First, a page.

There could be more than 100 pot shops in Colorado when the state’s recreational marijuana industry opens its doors to the public New Year’s Day.
According to The Denver Post, Colorado’s Marijuana Enforcement Division reports it received 136 applications last month for licenses to run retail weed stores. Another 28 applications were filed for businesses providing edibles and other marijuana-infused products, plus 174 applications for recreational grow facilities.
Decisions on the applications will come by the end of December, allowing successful applicants to start serving customers Jan. 1. That’s the date when legal sales of recreational pot are first allowed in the state.
Colorado was one of two states, along with Washington, that voted to legalize cannabis last year. Both states are processing applications for licenses and enacting regulatory frameworks before pot shops start doing business.
Colorado already has a thriving medical marijuana industry. During the first several months of the license program, only MMJ providers are allowed to apply for licenses. Only later will the process be opened to the public. But according to the Post, few medical providers applied.
The state has 517 medical cannabis dispensaries, 138 MMJ-infused products businesses and 736 medical grow facilities. Just a fraction of them filed applications.
“It’s expensive,” said Meg Collins, executive director of the Cannabis Business Alliance. “In the discussions I’ve had with folks, I think that one of the things that possibly forestalled people from immediately jumping in is the financial consideration.”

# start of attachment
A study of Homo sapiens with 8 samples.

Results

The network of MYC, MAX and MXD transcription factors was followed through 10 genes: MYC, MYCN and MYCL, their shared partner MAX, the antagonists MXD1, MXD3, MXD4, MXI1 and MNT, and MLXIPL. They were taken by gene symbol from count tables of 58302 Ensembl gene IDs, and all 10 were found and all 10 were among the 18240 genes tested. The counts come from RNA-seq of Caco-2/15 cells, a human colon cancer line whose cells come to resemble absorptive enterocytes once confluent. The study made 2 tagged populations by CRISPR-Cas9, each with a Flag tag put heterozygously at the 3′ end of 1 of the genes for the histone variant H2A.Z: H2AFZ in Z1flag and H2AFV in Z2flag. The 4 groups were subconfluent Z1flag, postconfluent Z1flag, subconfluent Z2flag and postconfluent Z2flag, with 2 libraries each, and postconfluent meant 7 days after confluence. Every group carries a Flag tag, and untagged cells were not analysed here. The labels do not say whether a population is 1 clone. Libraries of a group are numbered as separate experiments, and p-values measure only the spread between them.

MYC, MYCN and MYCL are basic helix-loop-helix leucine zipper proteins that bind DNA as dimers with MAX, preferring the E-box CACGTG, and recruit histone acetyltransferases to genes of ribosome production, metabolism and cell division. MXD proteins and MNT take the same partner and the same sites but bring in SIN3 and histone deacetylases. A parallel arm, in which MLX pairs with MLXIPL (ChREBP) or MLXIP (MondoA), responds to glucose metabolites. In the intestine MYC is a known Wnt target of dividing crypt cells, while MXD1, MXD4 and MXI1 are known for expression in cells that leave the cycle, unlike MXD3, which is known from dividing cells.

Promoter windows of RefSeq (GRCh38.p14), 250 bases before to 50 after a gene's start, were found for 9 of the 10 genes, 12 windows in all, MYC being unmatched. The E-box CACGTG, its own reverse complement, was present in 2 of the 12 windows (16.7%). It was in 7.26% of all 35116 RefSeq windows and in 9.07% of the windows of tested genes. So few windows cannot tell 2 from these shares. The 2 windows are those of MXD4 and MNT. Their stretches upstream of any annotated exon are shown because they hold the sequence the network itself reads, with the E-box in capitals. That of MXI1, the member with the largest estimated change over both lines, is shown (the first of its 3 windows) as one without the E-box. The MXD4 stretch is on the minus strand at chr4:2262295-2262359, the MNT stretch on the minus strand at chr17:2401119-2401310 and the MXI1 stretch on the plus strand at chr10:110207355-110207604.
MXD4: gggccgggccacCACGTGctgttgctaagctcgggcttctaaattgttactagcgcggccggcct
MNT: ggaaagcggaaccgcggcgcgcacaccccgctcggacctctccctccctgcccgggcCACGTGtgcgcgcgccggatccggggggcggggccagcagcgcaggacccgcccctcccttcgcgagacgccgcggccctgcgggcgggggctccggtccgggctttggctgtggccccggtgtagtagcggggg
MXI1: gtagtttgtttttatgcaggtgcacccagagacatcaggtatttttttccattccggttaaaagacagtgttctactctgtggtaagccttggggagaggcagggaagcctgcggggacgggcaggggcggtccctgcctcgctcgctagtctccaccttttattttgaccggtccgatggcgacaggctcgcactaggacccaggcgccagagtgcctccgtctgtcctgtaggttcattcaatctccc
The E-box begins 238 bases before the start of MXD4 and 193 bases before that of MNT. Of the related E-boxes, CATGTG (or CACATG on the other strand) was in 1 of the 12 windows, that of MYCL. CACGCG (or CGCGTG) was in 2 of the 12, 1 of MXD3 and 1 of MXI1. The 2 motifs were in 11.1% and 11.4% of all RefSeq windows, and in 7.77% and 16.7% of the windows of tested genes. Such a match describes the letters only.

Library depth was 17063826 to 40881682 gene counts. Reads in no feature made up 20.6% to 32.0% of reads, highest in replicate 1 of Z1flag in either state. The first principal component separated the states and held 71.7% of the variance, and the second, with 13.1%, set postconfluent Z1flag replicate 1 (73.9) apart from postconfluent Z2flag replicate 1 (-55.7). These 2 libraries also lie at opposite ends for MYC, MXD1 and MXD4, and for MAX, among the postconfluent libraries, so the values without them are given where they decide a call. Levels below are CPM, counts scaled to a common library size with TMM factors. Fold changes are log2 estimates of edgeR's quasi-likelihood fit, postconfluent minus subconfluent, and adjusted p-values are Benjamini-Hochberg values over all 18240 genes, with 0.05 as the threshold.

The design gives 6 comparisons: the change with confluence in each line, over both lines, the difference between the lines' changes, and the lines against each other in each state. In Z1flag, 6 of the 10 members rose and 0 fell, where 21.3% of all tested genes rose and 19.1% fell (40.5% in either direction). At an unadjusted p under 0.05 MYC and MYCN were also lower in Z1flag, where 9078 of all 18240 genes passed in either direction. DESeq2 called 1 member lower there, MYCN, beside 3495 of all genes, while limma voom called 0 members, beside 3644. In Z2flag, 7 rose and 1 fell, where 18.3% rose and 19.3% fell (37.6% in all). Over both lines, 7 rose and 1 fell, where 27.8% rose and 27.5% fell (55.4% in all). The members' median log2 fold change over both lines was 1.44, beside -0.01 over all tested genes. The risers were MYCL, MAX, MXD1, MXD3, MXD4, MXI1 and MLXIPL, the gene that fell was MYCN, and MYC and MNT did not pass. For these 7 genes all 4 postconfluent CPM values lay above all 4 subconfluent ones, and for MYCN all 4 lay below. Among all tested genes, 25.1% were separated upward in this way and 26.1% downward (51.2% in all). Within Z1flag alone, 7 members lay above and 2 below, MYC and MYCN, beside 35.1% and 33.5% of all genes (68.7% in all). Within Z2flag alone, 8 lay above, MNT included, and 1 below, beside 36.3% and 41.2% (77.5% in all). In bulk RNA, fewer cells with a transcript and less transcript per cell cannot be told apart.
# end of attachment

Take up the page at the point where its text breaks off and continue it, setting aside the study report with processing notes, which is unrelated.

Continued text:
Fees for application and licensing can run anywhere from $3,250 to $14,000 and more. The Marijuana Enforcement Division estimates it brought in nearly $180,000 in application fees alone. And for customers, the marijuana taxes in Colorado will be high.
Colorado law allows marijuana retailers to sell both recreational and medical marijuana out of the same shop. All but two businesses have turned in applications indicating they intend to offer both, which could mean building walls and installing separate entrances. The other applicants plan to convert entirely to recreational sales.
Compare Colorado to Washington and its 334 marijuana stores, and CO’s current total may not seem impressive. But more applicants are likely to seek licenses, and the number of shops is likely to climb.
Mike Elliott, executive director of the Medical Marijuana Industry Group, said municipal bans on pot shops have held down the number of recreational applications. But license-seekers continue to apply, he said, and more businesses could open after Jan. 1.
“I think this is a sign of a very healthy program right now,” Elliott said.